Science fiction and horror have a lot in common. Both genres are deeply entrenched in the supernatural, unbelievable, and surreal. Most science fiction stories don’t portray the world in a positive light either and go out of their way to highlight how hostile life has become. Horror does much the same, though often through different devices.
Still, at the core of both genres is ultimately the theme of what it means to be human. Horror typically explores this by means of contrasting humanity against some kind of vicious monster or supernatural threat. Science fiction, on the other hand, likes to blur the lines around what being human even means with things like robots or other intelligent races.
Ridley Scott’s Alien does both and is the perfect example of what happens when you blend horror and science fiction together. Or, at least what happens when you do it right.
Here’s why Alien is the perfect mix of thought-provoking sci-fi and classic horror.
Setting and Cinematography
It can be very tempting to say that Alien is just a standard horror movie in a sci-fi setting, but that would be to gloss over some pretty magnificent details. It is true though that Alien’s unmistakably sci-fi setting does much to lend the movie its feel.
That is, by no means, a bad thing however as the Alien universe is easily the most developed of any horror franchise. No other horror series of which I know has legitimate history and lore, especially when you consider the all but confirmed theories that Blade Runner and Alien take place in the same timeline.
But beyond the sci-fi setting, Alien’s cinematography is definitively based in horror. The entire middle arc of the film where the crew explores a crashed alien vessel is chocked full of found footage-style shots. The titular alien itself is almost never shown on camera, much like Jaws and a ton of other monster horror movies.
This is in distinct contrast to the average sci-fi movie, which is always putting its futuristic creations in front of you at all times with as much CGI grandeur as possible. Highly astute viewers will also notice that the average length of any given shot in Alien is pretty long. It’s the classic tell of a good slow-burn style horror movie, which Alien unmistakably is.
Combine that with a soundtrack as dark and ominous as they come and you have a recipe for a uniquely menacing experience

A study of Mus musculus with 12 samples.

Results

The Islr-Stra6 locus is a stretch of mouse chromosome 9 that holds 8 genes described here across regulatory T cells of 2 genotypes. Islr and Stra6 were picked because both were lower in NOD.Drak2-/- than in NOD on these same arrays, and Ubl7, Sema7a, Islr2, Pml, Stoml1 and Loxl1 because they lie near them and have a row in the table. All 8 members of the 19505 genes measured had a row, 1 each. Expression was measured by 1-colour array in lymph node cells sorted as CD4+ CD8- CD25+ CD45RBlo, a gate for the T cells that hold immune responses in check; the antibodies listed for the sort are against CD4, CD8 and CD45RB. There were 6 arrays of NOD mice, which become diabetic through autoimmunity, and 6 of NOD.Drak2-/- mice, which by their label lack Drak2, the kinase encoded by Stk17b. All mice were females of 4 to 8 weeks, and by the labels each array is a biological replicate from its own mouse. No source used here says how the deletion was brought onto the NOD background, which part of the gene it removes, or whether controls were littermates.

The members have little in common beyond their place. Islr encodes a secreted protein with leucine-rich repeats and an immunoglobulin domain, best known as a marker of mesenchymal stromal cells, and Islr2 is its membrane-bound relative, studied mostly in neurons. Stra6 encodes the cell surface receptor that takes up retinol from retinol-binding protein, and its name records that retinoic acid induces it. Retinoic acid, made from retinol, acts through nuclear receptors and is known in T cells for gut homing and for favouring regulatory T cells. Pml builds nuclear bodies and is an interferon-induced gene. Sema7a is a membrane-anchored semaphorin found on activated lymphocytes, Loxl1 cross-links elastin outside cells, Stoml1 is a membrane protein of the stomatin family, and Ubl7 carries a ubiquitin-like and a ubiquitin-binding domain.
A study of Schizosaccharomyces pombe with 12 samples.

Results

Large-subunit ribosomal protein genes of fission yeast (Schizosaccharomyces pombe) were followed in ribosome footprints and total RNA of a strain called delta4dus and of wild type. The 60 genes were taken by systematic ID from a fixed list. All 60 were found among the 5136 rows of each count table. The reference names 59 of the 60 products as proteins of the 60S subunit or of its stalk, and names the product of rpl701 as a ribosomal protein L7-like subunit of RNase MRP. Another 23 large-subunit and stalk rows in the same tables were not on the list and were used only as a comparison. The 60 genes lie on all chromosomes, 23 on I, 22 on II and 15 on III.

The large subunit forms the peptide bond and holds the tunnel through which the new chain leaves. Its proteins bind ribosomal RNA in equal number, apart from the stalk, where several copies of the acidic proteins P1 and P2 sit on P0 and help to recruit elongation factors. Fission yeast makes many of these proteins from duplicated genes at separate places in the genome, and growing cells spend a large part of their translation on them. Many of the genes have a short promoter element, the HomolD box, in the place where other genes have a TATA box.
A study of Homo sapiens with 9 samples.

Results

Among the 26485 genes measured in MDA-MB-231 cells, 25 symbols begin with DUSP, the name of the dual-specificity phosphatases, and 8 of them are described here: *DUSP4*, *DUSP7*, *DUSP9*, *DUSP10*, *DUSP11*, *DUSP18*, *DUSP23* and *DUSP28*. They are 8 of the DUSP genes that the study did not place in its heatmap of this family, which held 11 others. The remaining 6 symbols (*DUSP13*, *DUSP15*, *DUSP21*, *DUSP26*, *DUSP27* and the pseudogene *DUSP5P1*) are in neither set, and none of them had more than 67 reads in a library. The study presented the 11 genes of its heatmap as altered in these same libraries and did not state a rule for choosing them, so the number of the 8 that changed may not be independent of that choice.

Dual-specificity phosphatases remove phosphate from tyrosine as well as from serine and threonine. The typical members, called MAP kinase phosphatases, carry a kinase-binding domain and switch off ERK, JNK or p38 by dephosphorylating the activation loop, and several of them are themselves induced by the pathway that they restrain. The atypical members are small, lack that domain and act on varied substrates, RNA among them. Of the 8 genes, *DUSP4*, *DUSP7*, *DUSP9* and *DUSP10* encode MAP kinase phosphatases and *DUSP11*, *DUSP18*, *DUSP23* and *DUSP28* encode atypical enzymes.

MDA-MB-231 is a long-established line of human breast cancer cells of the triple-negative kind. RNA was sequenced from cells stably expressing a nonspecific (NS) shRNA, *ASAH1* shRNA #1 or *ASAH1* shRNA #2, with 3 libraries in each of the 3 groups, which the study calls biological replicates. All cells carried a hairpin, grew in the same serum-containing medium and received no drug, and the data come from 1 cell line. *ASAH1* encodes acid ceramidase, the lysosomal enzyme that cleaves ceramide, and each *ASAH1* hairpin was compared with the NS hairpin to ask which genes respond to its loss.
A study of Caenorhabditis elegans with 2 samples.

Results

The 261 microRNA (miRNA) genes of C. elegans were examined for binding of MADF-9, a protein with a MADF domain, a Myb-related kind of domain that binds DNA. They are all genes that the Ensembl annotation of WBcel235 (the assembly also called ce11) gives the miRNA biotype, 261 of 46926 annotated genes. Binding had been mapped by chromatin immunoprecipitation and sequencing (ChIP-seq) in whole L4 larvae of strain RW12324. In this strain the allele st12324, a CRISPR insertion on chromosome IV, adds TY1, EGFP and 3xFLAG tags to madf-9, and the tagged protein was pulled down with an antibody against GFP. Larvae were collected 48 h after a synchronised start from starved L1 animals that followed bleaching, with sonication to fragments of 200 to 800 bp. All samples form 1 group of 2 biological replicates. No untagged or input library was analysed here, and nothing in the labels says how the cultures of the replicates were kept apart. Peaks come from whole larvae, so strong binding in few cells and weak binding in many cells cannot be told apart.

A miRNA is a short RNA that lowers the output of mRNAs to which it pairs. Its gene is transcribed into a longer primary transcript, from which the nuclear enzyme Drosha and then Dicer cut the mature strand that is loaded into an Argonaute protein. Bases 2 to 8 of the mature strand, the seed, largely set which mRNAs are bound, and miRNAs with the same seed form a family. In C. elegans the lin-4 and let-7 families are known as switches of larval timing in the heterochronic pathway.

This movie is called Alien for a reason, and I’d be lying if I told you that it wasn’t really the best part of the movie…it is.
Based on the inimitable design and work of H.R. Giger, the Xenomorph as it is now known is easily one of the most spectacular monsters of all time. Everything about its design is quite literally dripping with scary. Sleek, unnervingly fleshy, sinisterly slow, and yet entirely inescapable. In every way, it is immediately iconic and you’ll never forget it.
After all this time it’s still indisputably horrifying and the Facehugger pictured above is just as freaky, if not worse. I get clammy palms just looking at it. The second mouth on the Xenomorph is also enough to make my toes curl every time.
Little details about the alien are also revealed in a way that normal horror movies rarely do. Due to the scientific equipment present on the ship, we get the joy of listening to some classic sci-fi technobabble about all the ways this monster is bad news. The acid blood is still my personal favorite.
People who really want a good time (or a very bad one depending on your definition) should give Alien: Isolation a play, as it’s genuinely the best Alien experience you can get, maybe even better than the movie itself.
Anyone who’s seen their share of horror movies knows that regardless of how solid the concept is, a bad crew of characters can sink it.
In Alien this couldn’t be further from the truth. While there are some fairly standard cliches we could fit each of these characters into, that doesn’t mean they aren’t done well. In fact, I think Alien handles the crew members with a natural grace very uncommon to your standard horror film.
These people aren’t friends, they aren’t secret lovers or anything that personal. They’re coworkers doing a job they all basically hate for different reasons. They fight, they bicker, and they’re petty with each other in exactly the way real people are. Ultimately, each character is super identifiable because you probably know someone reasonably like them.
They also aren’t stupid, something which plagues many lesser horror movies. There are only one or two moments in the entire film which make you go “don’t do that…”
Better yet, the plans the crew invent to fight off the alien are actually quite inventive and realistic, rigging up improvised weapons and using things like the ship’s ventilation system to their advantage.
Speaking of not being stupid, one of the smartest things this movie does is the inclusion of a certain synthetic character that I won’t name here. It’s a brilliant sci-fi inclusion that adds a whole new and interesting threat to the movie that you only vaguely suspect beforehand.
As I mentioned earlier, this is the way Alien tackles the major theme of both horror and science fiction in the same movie. On the one hand, we have the blood-chilling Xenomorph to remind us how fragile humanity really is, only to be walloped on the other hand by a confrontation with what being human even means.
A technical third antagonist exists in the abstract form of the ship’s computer system, not so lovingly named Mother. Mother represents the company’s interest in the situation the crew finds themselves in and let’s just say those interests don’t always line up with typical health and safety guidelines.
And at the end of the day, Sigourney Weaver as Ripley is still one of the best final girls of all time.